Special Editorial: Does your child need therapy? Thoughts on parental fears and why we need you involved
· You cuddle your kids too much
· You don’t love them enough
· You are too strict
· You are too permissive
· You are too emotional
· You are not emotional enough
· You give too much freedom
· You hover over them
· You don’t praise them enough
· You praise them too much
1. If your kid’s behavioral or emotional difficulties are such that his functioning at home, school, or with peers is impaired, he may need help. You may ask, what is impaired functioning? There is no standard definition, but we usually become concerned when a child is unable to fulfill many of the basic tasks of being a kid: going to school, getting at least Cs in his courses, developing and maintaining friends, regulating his emotions, keeping himself out of trouble with the law, understanding and following basic rules, etc.
2. Getting help may simply involve an evaluation to determine what intervention, if any, may be beneficial to your child. So it is often less scary if parents think that the first step is simply to seek an evaluation or consultation, without any commitment to go beyond this initial consult. The process should not be any different than when taking your child to the pediatrician for an evaluation if your child is having some physical symptoms. If your child needs help, most of our current interventions are relatively short (20-30 sessions) and the times of keeping kids in never-ending years of therapy are gone (at least mostly).
3. I am always reluctant to say anything negative about other professionals, but the reality is that many pediatricians have little training in child psychology and psychiatry and especially in the proper evaluation of child psychological conditions. This is not just my perception. A of pediatricians revealed that about 70% of pediatricians feel that they lack appropriate training in diagnosing and treating mental health conditions and over 60% felt that they were not competent in proper diagnostic practices . So if you don’t agree with your pediatrician’s opinion that your child is just fine, request a referral for a consultation with a child mental health provider, such as a psychologist, psychiatrist, or clinical social worker.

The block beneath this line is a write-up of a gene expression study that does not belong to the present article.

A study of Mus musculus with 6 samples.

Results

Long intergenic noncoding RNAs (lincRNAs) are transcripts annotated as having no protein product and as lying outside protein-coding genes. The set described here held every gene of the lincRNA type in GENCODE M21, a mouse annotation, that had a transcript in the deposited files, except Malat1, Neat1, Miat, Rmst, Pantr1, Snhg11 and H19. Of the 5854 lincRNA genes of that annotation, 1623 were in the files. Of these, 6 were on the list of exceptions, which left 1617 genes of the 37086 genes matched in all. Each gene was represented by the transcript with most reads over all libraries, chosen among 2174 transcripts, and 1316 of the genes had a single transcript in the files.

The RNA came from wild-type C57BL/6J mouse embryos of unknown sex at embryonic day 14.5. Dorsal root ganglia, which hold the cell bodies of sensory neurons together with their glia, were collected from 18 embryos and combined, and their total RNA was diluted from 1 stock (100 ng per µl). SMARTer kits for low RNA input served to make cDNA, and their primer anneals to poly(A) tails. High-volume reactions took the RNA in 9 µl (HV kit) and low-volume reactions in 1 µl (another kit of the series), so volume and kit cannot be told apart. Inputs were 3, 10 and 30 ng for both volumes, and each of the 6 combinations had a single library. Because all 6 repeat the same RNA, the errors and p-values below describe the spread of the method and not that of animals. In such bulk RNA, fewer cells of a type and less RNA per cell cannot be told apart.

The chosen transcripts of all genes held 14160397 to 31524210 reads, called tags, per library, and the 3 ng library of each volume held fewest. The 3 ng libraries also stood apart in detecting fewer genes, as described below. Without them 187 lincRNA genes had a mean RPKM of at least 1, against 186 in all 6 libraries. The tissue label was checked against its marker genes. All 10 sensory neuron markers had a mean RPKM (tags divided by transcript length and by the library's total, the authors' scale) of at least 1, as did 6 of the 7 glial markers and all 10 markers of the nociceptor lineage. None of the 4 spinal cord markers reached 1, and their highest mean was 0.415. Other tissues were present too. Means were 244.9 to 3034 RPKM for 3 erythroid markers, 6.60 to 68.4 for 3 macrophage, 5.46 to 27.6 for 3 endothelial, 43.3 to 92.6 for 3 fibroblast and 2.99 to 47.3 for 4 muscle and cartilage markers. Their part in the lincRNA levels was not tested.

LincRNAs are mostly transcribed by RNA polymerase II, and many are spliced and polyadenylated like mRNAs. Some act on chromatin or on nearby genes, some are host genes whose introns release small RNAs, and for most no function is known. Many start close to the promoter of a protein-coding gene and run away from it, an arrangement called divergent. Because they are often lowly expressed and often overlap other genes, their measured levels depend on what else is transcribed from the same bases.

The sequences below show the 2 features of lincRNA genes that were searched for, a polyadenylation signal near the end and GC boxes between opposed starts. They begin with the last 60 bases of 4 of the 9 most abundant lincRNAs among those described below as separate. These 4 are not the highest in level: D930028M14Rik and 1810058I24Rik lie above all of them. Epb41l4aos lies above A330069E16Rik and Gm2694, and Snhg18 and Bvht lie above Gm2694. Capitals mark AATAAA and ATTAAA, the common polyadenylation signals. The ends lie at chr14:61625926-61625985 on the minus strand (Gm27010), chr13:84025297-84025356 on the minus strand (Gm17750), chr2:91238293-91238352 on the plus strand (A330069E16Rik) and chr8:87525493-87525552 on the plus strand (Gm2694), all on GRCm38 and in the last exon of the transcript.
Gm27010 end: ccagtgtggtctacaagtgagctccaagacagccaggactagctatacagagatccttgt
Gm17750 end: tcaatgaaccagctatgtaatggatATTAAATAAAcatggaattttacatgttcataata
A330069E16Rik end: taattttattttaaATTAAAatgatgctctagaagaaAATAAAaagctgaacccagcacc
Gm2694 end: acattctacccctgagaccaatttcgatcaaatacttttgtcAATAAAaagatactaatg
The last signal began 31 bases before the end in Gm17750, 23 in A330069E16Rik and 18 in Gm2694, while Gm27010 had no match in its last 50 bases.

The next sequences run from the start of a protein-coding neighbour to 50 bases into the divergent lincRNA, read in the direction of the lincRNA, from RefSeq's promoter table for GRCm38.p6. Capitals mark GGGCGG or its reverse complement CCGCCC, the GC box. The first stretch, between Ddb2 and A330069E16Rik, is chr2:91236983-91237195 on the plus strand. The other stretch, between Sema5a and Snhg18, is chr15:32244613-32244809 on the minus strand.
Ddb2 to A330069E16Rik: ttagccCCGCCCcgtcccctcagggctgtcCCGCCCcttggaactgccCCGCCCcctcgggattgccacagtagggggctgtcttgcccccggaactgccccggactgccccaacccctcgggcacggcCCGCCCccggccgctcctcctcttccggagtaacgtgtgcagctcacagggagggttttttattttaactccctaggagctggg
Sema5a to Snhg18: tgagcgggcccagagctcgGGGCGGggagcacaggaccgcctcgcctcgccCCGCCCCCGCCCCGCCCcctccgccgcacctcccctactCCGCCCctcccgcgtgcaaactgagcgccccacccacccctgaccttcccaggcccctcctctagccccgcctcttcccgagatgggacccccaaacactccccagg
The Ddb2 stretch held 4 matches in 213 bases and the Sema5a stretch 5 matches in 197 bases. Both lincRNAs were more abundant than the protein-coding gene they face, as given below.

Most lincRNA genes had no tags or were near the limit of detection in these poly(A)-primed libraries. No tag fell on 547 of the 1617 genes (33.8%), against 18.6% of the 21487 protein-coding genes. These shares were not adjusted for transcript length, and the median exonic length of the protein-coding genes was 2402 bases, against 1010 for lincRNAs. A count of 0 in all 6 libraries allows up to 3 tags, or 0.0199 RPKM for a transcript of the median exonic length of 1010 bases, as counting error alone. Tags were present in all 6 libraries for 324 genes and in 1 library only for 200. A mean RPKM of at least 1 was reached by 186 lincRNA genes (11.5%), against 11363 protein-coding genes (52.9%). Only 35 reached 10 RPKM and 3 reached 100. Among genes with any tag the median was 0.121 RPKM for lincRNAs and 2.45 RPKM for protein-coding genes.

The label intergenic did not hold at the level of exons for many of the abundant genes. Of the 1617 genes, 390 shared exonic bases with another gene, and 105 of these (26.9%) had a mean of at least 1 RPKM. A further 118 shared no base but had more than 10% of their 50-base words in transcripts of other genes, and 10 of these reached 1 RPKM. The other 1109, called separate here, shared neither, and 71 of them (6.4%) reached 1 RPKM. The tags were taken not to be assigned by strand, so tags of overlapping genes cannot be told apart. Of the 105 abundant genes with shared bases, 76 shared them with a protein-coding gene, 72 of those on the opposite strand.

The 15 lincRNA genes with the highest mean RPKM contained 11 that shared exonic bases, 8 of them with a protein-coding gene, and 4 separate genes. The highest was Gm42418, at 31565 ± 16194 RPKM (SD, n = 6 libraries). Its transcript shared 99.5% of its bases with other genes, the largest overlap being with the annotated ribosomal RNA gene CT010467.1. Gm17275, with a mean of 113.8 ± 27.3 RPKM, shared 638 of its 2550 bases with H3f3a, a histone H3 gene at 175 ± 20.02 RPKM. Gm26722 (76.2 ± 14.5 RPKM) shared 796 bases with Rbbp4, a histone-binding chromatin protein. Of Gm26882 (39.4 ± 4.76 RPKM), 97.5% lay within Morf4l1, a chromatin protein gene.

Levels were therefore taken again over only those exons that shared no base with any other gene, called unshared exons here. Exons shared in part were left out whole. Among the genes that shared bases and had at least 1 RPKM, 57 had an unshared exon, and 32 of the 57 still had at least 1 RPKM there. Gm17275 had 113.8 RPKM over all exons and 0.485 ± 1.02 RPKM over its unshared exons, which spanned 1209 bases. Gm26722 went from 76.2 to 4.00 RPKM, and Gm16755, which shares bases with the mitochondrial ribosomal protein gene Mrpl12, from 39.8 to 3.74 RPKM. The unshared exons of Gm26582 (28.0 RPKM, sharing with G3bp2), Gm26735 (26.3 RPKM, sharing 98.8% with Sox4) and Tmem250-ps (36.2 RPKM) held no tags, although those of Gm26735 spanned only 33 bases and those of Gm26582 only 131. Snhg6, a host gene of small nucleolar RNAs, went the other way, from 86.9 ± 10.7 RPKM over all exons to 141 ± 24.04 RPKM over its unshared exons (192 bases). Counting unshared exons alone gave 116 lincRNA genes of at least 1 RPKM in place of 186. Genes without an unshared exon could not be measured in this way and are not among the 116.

4. This is likely a controversial statement, especially with some traditional therapists, but I say it because parents are frequently overly concerned about finding out what “caused” their kid’s OCD or ADHD. Often parents feel guilty and want to know if they caused the problem somehow or they are seeking answers that help them understand and accept why things turned out this way. The reality is that in most cases the “cause” will never be known. Although good clinicians will have a deep understanding of the historical and current context (family dynamics, peer group, thinking style, etc.) that may contribute to some of the difficulties, what matters right now is what we do from this day forward to help your child improve. Remember, we can’t change the past but we can improve your child’s future.
5. There is very little we can do in one hour of weekly therapy without getting parents, and often teachers, involved in the treatment process. This is because the most effective interventions usually require that we make changes at home and in some cases at school. On that note:
6. There are many, many parenting styles that are effective for most kids. In fact, some researchers even use the term “good enough parenting” to refer to the phenomenon that most kids will be fine regardless of what you do as a parent. But we also have extensive research suggesting that in some cases, such as when a child has a specific disorder, some parenting behaviors are more helpful than others. In addition, the most effective treatments for some conditions require that parents implement specific discipline plans that may be very different from what comes naturally to some parents. So we may ask you to change how things work at home, but not because we are judging your practices or skills, but because we need you to help us implement a treatment that may involve doing things differently. It is really not any different than if your child had a food allergy and the pediatrician recommended that you change your cooking. You were not doing it wrong. You did not cause the problem. But you can help your child by making the changes that need to be made.